Risk Management

Reviewing Preoperative Test Results

By Marilys Fernandez, RN, JD

Digest, Spring, 1991

ALLEGATION  Insured ophthalmologist failed to review a preoperative chest x-ray which was ultimately shown to be suggestive of carcinoma of the lung.

DISPOSITION  Settled during trial.



It is customary practice for ophthalmologists to routinely review results obtained from A-scans, visual field tests, fluorescein angiograms and a variety of other diagnostic tools prior to ophthalmic surgery. However, practices in reviewing chest x-rays and lab work routinely ordered preoperatively for patients undergoing surgery can vary considerably.

In a recent review of OMIC claims, reviewers identified a number of cases based on the ophthalmologist’s failure to review non-ophthalmological diagnostic studies. The resulting cases related to claims of missed diagnosis and delay in treatment, often of ailments unrelated to eye disease. The largest payment to date made on behalf of an OMIC insured was over $250,000 for injuries resulting from failure to review a preoperative chest x-ray which was ultimately shown to be suggestive of carcinoma of the lung.

Case Summary

The patient was a 60-year-old male who over the years developed age-related cataracts reducing his vision in both eyes. Cataract surgery was performed on the left eye with good results. Preoperatively, a chest x-ray was ordered by the ophthalmologist to comply with the hospital’s policy that such tests be performed on all surgical candidates over 40 years of age. The x-ray was interpreted by the radiologist as abnormal but was never reviewed by the ophthalmologist prior to surgery.

Four months later, the patient elected to have cataract surgery on his right eye. Another preoperative chest x-ray was performed which showed an enlargening left hilum with a lobulated mass present. The ophthalmologist was informed of the abnormal finding after the patient had been inducted but proceeded with the surgery anyway.

The chest x-ray taken prior to the first cataract surgery was then reviewed and found to indicate the presence of a nodular density in the left hilum. A later CT scan appeared to confirm that the mass had grown significantly in those four months. Following a left thoracotomy and pneumonectomy, the mass was found to be a poorly differentiated adenocarcinoma with four of eight hilar lymph nodes positive for metastatic cancer.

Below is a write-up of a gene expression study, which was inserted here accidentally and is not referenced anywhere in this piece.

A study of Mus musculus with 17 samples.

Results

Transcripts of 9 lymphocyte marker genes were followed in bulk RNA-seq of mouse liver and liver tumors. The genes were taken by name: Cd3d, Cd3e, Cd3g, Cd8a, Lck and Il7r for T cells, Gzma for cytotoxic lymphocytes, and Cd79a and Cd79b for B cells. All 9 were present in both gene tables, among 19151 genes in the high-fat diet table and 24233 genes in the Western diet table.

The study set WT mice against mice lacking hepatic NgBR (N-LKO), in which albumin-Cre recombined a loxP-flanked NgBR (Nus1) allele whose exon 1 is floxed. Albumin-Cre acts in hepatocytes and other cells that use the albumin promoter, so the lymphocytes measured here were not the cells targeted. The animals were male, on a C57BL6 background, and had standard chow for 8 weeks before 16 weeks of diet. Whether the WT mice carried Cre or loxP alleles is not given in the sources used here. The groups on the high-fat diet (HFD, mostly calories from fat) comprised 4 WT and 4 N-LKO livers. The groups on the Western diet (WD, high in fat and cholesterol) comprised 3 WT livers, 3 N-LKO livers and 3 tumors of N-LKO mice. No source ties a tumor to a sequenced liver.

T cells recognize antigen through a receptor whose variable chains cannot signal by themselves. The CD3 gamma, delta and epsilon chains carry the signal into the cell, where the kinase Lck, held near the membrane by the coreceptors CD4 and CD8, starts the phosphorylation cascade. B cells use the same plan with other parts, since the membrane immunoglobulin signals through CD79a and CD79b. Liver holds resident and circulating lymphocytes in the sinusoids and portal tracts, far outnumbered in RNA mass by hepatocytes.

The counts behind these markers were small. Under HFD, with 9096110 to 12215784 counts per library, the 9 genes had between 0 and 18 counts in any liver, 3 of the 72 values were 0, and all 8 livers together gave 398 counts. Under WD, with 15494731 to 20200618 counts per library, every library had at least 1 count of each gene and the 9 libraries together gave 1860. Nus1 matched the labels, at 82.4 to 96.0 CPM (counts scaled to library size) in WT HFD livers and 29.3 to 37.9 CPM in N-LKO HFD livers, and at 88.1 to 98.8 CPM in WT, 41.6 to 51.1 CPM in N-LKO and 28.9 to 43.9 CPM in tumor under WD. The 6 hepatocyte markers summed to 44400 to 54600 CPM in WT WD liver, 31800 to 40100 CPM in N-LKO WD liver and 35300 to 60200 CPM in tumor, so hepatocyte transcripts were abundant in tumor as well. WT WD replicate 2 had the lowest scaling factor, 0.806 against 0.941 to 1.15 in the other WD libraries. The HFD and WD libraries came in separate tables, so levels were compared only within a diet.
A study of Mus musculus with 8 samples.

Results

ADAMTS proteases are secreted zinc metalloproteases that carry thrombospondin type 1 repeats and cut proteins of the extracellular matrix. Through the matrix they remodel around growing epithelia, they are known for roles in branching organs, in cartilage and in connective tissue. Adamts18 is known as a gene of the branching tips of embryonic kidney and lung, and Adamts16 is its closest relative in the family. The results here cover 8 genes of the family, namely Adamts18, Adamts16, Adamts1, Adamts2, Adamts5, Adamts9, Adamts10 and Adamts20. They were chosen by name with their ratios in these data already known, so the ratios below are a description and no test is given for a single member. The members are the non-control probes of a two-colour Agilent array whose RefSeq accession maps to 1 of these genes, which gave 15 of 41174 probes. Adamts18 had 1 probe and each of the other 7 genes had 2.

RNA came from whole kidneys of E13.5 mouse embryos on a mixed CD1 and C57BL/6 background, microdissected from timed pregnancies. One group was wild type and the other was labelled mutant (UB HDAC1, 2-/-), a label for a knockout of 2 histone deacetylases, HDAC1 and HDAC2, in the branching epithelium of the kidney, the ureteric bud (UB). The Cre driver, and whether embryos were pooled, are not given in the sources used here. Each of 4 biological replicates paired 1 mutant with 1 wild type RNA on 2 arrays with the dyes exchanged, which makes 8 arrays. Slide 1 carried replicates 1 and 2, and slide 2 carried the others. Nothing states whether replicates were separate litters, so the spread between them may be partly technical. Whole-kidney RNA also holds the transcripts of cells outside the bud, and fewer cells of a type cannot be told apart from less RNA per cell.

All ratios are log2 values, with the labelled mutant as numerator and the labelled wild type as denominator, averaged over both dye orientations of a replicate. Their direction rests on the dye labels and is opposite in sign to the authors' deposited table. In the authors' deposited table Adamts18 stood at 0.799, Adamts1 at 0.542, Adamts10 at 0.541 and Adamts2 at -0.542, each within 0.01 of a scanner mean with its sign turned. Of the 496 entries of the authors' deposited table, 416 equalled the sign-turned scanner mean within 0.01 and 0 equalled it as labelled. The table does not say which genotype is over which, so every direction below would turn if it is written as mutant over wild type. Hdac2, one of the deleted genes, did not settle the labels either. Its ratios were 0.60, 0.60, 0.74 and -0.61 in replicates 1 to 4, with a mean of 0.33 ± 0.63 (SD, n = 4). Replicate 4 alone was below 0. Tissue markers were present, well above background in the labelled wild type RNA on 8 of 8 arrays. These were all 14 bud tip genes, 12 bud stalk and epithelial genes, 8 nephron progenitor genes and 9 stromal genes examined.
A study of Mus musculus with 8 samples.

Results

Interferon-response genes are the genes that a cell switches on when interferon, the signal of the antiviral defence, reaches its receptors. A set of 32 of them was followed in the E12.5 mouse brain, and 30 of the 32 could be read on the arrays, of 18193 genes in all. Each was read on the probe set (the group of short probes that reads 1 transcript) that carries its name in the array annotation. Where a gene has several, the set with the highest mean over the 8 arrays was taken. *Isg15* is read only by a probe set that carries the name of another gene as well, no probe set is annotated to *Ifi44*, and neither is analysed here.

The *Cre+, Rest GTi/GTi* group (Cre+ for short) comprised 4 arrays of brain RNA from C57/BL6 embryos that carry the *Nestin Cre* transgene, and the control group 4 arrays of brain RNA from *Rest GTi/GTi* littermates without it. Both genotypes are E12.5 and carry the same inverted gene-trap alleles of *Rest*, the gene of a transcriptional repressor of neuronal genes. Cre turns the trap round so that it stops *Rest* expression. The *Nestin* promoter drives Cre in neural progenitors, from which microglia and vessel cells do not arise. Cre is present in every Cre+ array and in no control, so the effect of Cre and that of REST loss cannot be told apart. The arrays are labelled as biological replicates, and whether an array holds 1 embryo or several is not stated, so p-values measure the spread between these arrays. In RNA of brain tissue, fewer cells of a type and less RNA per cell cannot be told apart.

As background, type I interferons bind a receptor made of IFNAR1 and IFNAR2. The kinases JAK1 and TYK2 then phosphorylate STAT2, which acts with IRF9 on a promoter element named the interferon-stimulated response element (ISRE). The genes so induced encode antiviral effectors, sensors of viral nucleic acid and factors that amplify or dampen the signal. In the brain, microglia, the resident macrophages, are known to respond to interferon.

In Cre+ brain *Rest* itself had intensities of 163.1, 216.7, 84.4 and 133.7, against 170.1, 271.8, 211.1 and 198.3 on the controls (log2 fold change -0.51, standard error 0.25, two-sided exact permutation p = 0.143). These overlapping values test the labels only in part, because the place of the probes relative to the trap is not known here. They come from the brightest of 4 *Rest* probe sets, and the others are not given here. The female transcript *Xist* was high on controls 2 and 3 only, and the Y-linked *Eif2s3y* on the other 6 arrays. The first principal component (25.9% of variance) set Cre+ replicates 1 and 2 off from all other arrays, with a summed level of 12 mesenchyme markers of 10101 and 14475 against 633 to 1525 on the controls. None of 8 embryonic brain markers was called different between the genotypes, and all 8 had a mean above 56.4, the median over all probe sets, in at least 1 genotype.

According to a pulmonary oncologist who reviewed the case, the first chest x-ray showed no metastasis to the nodes. Had the patient been treated at that time, he arguably might have had a 50 to 55 percent chance for a 5-year survival rate. With the four-month delay in diagnosis and treatment, the chances for a 5-year survival might have dropped to between 15 and 25 percent.


Although there was potential exposure on the part of the hospital, anesthesiologist and radiologist for not being more aggressive in bringing to the attention of the ophthalmologist the results of the first chest x-ray, it remains the attending physician-surgeon’s responsibility to follow up on all tests ordered and to review the results of all preoperative tests.

After OMIC assessed the liability exposure of the case, the claims management staff entered into settlement negotiations with the plaintiff’s attorney and settled the claim with consent of the insured ophthalmologist.

The co-defendants involved, namely, the hospital, anesthesiologist and radiologist, refused to participate in settlement and were later sued by the patient. The outcome of that suit has yet to be determined.

Risk Management Principles and Commentary

This case presents a number of fundamental principles that ophthalmologists can follow to help avoid or reduce diagnosis-related claims. In particular, systems should be developed in the ophthalmic office to assure the efficient processing of all diagnostic clinical information.

Such systems could include:

  • A method for ensuring that laboratory results, consultation reports and other pertinent documents are seen by the treating/attending physician before such information is filed.
  • A reminder or diary system which ensures that follow-up tasks, such as notifying patients of test results, are undertaken when warranted.
  • A formal arrangement whereby test results that are adverse or require immediate attention be reported personally by the consulting physician to the physician who requested them.

Additional suggestions may be found in the publication Risk Management Principles and Commentaries for the Medical Office published by the AMA/Specialty Society Medical Liability Project.